In Focus

Social media used to register complaints, obtain justice

By Vedika Jain

In fact, social media is also being wisely used by many to complain against the authorities who do not register complaints or align with perpetrators to harass victims. In the new Digital India, all government departments, ministries, police departments and other entities are present on social media. The fact that this information is public and not in closed quarters makes sure that prompt action is taken.

“My friend was being harassed by her parents to get married to a boy against her wish. She tweeted to women activists and government-authorised entities about her situation and prompt action was taken where her parents were summoned,” quips Delhi-based law student Shanaya Kapoor. She says social media has helped many women in getting access to the right authority without fearing for her life or limb and that is the potential of social media to close this gap.

Several studies have found that in countries with larger gender inequality such as countries in South Asia, women are more likely to be present and active in the virtual space. Social media has also enabled ‘weaker’ women to look for opportunities and seek those opportunities that they may be traditionally denied. It is a strong medium to bring women together for professional networking and personal relationship building to support and strengthen each other.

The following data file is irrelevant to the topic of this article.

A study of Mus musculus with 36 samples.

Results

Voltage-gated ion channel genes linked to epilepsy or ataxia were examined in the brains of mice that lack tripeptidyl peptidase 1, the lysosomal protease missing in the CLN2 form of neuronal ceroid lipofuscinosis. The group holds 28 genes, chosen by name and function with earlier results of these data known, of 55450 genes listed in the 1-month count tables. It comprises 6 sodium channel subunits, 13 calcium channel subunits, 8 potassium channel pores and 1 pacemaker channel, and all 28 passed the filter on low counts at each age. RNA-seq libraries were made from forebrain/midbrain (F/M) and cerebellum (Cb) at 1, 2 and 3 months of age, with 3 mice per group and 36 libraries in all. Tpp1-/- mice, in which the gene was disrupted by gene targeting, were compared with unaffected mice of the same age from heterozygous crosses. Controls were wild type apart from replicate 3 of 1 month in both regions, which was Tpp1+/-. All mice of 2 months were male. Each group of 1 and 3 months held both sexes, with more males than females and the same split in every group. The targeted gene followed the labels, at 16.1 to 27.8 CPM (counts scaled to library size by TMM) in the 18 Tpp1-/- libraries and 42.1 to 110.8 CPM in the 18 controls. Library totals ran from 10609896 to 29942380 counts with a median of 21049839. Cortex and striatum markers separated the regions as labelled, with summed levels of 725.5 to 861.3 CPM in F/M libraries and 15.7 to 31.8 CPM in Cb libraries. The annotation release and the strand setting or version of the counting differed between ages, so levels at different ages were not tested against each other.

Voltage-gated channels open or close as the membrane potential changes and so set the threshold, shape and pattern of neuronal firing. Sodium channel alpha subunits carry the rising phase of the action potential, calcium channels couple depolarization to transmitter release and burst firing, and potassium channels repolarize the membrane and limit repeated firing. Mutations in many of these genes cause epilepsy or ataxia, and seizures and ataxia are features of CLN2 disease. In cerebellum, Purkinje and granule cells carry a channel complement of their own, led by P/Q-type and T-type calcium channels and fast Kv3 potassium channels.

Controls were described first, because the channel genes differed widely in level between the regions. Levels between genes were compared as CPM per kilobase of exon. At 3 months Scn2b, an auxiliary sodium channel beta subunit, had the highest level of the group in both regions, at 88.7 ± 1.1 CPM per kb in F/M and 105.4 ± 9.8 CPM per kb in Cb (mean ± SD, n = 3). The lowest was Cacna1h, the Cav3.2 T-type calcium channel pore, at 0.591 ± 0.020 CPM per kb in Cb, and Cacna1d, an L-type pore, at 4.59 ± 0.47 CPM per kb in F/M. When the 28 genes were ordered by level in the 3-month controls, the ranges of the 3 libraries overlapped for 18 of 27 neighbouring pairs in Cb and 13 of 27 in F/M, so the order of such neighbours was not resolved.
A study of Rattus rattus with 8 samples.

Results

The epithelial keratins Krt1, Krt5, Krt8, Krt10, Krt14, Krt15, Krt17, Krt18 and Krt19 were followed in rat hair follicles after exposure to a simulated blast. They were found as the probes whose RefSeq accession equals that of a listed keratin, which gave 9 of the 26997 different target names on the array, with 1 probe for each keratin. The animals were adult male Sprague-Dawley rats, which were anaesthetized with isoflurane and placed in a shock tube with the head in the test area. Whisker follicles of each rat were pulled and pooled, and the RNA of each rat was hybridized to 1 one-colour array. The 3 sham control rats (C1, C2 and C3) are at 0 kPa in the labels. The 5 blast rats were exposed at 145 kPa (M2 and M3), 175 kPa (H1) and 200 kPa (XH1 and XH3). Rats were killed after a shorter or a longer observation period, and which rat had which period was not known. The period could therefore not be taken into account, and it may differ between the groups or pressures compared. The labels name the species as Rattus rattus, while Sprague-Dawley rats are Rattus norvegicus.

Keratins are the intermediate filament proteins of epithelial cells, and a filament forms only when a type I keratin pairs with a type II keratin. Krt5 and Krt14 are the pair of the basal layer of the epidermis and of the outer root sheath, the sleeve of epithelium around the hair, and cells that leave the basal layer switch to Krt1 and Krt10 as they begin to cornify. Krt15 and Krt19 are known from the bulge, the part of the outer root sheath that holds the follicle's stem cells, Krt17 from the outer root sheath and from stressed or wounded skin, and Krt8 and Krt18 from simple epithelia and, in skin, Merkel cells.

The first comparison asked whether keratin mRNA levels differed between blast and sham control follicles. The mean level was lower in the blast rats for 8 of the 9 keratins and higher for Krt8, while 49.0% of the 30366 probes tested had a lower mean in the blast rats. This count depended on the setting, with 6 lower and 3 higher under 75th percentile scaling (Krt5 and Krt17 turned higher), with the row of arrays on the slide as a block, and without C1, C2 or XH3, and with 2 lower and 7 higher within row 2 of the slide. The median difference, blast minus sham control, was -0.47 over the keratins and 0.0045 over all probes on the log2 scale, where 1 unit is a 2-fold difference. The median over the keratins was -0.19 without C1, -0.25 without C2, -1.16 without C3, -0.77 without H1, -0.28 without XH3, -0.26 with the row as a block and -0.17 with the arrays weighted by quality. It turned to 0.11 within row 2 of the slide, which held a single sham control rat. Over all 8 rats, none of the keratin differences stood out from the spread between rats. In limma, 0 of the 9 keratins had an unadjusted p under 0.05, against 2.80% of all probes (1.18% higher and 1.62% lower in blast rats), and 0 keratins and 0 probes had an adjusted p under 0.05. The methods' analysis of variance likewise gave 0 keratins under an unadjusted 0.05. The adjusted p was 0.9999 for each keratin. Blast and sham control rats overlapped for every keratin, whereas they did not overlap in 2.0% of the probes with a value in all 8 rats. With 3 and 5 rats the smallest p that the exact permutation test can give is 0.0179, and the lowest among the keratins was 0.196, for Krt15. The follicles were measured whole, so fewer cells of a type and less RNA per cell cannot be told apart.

However, like all good things, there is a dark side to this phenomenon as well that severely risks the well-being, safety, mental health and self-esteem of women. Having an online presence makes women prone to cyber-bullying and cyber-stalking. The barriers that women face in public space are as real and prevalent in cyber space also.

Trolling, targeted bullying, online harassment are examples of the risks that women face with their presence on social media. Even though there are an equal number of men and women on social networking sites, women are more likely to be subject to online abuse and online stalking.

There are new forms of crimes that are prevalent in the virtual space and create a sense of threat and fear in the mind of a woman, thereby affecting her well-being. Cyber-bullying can be done in myriad ways and over diverse social media platforms. The following acts comprise cyber-bullying:
- Hacking of accounts
- Cyber stalking
- Posting of vulgar messages
- Threatening with a violent act
- Posting embarrassing content

Although the Information Technology Act checks such offences, the trauma is already inflicted when a girl is exposed to such acts. Other prevalent forms of cyber crimes against women include identity theft, trolling, online abuse, etc. It was not long ago when a political spokesperson Priyanka Chaturvedi faced rape threats against her and her daughter on social media. Such instances are far too many and affect women from across industry.

Unlike the status of women rights in the ‘real’ world that are often affected by societal and cultural norms, it’s much easier and faster to ensure equitable women’s rights in the ‘virtual’ world.